Big Picture for 2023

January 10, 2023

 Deglobalization - Trade Wars - Economical Wars - Physical Wars - Supply Chain Issues - Energy Supply Issues

 The charts below should help visualize why it is still time to be cautious. (see blog post Strategy Alert - Asset Allocation Mar, 2022)

Below is important to understand because the Fed is tightening money supply as the economy is slowing.  This process is unusual.

The above chart works with the below chart.  Slowdowns, or recessions, take several quarters, not months, to balance.

Here is the conundrum: as the three charts below illustrate, there is high inflation and high global debt.  Inflation for now seems to be moderating (slowing in pace) but debt levels are not. Employment is still holding up so the Fed does not need to pivot.  The market has, and can have, sharp short term rallies which should not be misinterpreted as a long-term trend.  There was a global inflation spike which is cooling but will take time, if not years, to moderate.  Expect inflation at 3% or higher.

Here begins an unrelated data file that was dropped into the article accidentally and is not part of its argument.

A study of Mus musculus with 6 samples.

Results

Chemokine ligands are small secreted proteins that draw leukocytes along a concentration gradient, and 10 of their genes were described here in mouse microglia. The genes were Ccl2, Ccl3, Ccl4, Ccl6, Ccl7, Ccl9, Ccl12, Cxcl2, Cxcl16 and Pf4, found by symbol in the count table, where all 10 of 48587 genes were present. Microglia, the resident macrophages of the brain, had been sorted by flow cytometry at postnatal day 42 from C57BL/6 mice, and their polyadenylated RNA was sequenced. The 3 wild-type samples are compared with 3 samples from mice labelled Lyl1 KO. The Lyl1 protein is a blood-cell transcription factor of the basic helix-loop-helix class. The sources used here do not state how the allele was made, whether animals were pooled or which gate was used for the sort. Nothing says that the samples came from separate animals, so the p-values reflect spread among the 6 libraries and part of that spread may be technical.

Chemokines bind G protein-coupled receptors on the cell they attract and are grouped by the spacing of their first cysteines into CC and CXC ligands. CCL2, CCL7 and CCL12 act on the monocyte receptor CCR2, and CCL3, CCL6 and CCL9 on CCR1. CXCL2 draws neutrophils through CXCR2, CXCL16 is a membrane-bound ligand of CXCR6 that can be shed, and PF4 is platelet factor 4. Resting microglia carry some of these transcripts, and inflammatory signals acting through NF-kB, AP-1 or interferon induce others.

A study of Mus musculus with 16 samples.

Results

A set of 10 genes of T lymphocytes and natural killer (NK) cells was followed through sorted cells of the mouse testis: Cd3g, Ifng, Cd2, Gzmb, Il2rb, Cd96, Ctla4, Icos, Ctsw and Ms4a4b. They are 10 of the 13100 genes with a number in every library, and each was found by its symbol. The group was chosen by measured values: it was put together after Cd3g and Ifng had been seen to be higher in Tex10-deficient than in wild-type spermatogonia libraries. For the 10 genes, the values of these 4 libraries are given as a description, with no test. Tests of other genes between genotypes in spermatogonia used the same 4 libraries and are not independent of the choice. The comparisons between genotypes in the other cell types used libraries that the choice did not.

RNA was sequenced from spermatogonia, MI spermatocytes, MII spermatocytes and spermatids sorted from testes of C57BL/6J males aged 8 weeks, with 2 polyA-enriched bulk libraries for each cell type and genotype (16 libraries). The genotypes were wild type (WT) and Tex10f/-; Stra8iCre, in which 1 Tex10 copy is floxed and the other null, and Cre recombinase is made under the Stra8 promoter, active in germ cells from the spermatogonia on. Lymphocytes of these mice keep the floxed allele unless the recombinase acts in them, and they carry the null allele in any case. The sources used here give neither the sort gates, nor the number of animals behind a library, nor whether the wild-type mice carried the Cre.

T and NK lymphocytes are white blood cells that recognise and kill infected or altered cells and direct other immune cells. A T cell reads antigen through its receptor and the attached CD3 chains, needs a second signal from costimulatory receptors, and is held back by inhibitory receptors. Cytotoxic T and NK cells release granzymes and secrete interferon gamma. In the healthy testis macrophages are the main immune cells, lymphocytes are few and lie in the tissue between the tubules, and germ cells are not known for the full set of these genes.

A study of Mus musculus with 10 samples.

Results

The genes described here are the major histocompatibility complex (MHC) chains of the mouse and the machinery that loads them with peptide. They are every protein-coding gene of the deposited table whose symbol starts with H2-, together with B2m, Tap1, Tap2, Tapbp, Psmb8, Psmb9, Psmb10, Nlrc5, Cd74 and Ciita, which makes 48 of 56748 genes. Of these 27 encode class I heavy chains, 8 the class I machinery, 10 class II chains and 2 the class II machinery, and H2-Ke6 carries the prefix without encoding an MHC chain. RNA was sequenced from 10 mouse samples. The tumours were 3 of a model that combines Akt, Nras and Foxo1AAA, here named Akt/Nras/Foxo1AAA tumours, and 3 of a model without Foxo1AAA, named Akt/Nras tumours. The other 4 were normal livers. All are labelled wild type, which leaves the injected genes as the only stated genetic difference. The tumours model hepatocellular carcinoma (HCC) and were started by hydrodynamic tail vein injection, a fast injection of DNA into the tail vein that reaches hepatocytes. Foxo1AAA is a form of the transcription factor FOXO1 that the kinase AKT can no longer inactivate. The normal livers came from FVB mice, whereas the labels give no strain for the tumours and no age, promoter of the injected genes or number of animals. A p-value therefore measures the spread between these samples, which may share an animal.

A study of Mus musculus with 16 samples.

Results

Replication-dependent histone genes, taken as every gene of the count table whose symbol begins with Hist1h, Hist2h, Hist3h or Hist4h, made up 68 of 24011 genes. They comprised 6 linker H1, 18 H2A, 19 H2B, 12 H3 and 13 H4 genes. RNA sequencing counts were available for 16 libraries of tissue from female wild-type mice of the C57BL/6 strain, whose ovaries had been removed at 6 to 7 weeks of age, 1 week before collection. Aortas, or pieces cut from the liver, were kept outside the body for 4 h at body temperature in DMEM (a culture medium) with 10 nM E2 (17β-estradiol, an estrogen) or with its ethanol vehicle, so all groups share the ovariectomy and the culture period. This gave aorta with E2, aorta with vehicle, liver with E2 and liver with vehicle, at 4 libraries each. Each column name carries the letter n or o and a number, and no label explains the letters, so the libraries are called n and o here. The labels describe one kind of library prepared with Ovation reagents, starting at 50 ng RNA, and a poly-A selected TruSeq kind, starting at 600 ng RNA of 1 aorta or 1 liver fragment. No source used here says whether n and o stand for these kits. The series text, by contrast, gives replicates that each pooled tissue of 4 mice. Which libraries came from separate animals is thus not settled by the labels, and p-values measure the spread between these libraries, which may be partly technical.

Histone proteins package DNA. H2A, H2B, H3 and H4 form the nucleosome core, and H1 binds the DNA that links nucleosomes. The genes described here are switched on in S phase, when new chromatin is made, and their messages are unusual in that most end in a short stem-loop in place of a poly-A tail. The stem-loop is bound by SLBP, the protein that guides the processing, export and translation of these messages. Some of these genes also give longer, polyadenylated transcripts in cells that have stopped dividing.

See blogs: (Inflation and Rising Interest Rates Dec, 2022 & Inflation Update ´╗┐Aug, 2022)

United States General government debt is currently 138% +/- of GDP.  The four main consequences are: lower national savings and income; higher interest payments, lending to large tax hikes and spending cuts; decreased ability to respond to problems; and risk of a fiscal crisis. Private Debt chart below also creates the same condition for families.

Employment is holding up; however, the news is reporting that companies are reducing payrolls.  The Fed, as part of its mandate, normally steps in when unemployment reaches over 5% to 6% and we are currently under 4%.

This all adds up to challenging market conditions for the next 9 to 13 months.  Recessions normally last 8 to 24 months. A key question is whether we start the clock in June 2022 or this year?